Some actors serve long apprenticeships waiting for the right role. Tall gentle giant Phil Brady was a shambling, amiable but distinctive presence in countless small roles over the years. Holder of a bachelor’s degree in theater from Nazareth College, he seemed unaffected by vanity but was always on his mark when cast.
Of the 26 cast members in last December’s It’s a Wonderful Life at Shoppingtown’s Central New York Playhouse, Brady’s name was cited 25th as Mr. Welch, after Zuzu Bailey, the little ginger snap. Fledgling director Kasey Marie Polly saw within the balding, red-haired persona the makings of a heartbreaking Lennie in Of Mice and Men. In this production, running through March 25, Brady takes flight.
The first act of courage for Polly (previously known as Kasey Marie McHale) was to assert that two generations of Of Mice and Men as an assigned reading chore for a zillion term papers could not beat the juice out of the drama. Nobel laureate John Steinbeck wrote the novella and the stage play (his only such venture) at the same time, 1937, a rare instance of one author achieving simultaneous success in both genres. The author drew from his experiences as a farm worker, or bindlestiff, in California about 10 years earlier, before the Okies arrived, and the bunkhouse was ethnically homogeneous, with one black man.
Along with Brady, Polly has cast company regular Dan Rowlands as George Milton, Lennie’s articulate and protective pal. When Rowlands was getting started as a director about eight years ago, he flourished at the kind of effort Kasey Polly is working at: bringing to life terrific plays that others have dismissed as shopworn.
He’s bigger than many other Georges, often wily little guys to offset Lennie’s bulk; think Burgess Meredith in the 1939 movie, or Gary Sinise in the 1992 version. Rowlands is also louder and more pugnacious than other Georges, which superbly complements Brady’s gentler, almost angelic Lennie.
For the other eight people who pass through the bunkhouse, director Polly has cast a judicious mix of reliable regulars and necessary newcomers. The late Arthur Storch, founder of Syracuse Stage, loved Of Mice and Men and directed it twice during his tenure, thinking it a pinnacle of 1930s-era theater, especially in the portrayal of working men. Keith Arlington has never been better than as the hapless, aging one-armed Candy, all alone except for his nearly dead malodorous dog.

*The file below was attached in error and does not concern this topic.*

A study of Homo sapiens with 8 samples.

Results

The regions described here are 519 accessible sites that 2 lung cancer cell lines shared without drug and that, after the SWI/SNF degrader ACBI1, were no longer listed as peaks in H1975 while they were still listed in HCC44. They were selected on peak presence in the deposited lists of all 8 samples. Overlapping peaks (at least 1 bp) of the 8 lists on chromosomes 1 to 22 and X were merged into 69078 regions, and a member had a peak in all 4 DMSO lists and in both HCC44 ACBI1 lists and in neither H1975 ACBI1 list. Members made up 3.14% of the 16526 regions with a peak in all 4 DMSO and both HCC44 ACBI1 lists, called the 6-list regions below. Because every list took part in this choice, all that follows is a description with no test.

Especially impressive is David Simmons (a Syracuse New Times’ Syracuse Area Live Theater award winner) as Slim, the most respected of the other workers and a natural leader. Always one of the most scrupulous of players, Simmons allows Slim to signal subtly that he understands fully what the relationship is between George and Lennie and how they need the chimerical fantasy that they can get together a few hundred bucks, build a place of their own, and live off the “fat of the land.” Candy buys into this, too, and gladly casts in his life’s savings that he could join them.
Then there are the baddies. Dark-browed Tyler Ianuzi makes Curley, the boss’ son with a Napoleon complex, an electrifying villain, a coward with the demeanor of a bully. His disruption of the men’s card-playing sizzles. Derek Potocki directs the fight choreography that allows Lennie to disable the brutish Curley.
This initially makes Curley’s Wife (we hear no name) initially sympathetic as a victim tethered to a tiresome miscreant in the boonies while she dreams of Hollywood. But lovely Jennie Russo shows us they’re a matched pair. Russo, last seen as the naughty nurse in The Sunshine Boys, flatters herself that she can awaken a fiery libido in placid Lennie.
One relatively new face points up the theme of the entire drama: the dread of loneliness. Donovan Standfield’s superb Crooks, the sole black man around, is shunned by the rest for his color, and lives in tidy isolation, surrounded by books, the only would-be intellectual of the lot. He has immediate empathy for Lennie and demonstrates even deeper perception than does Slim. Standfield gives him eloquence.
Every aspect of this production marks Of Mice and Men as a labor of love, starting with the sturdy set made of rough-hewn barnwood but light enough to spin on casters. Hefty men sleep in these bunks, but we see who’s approaching through the slits. Director Polly hammered this together with her husband Justin, Dan Rowlands and Chris Lupia.
Phil Brady will suffer one negative from this performance: He can never again just blend into a crowd scene.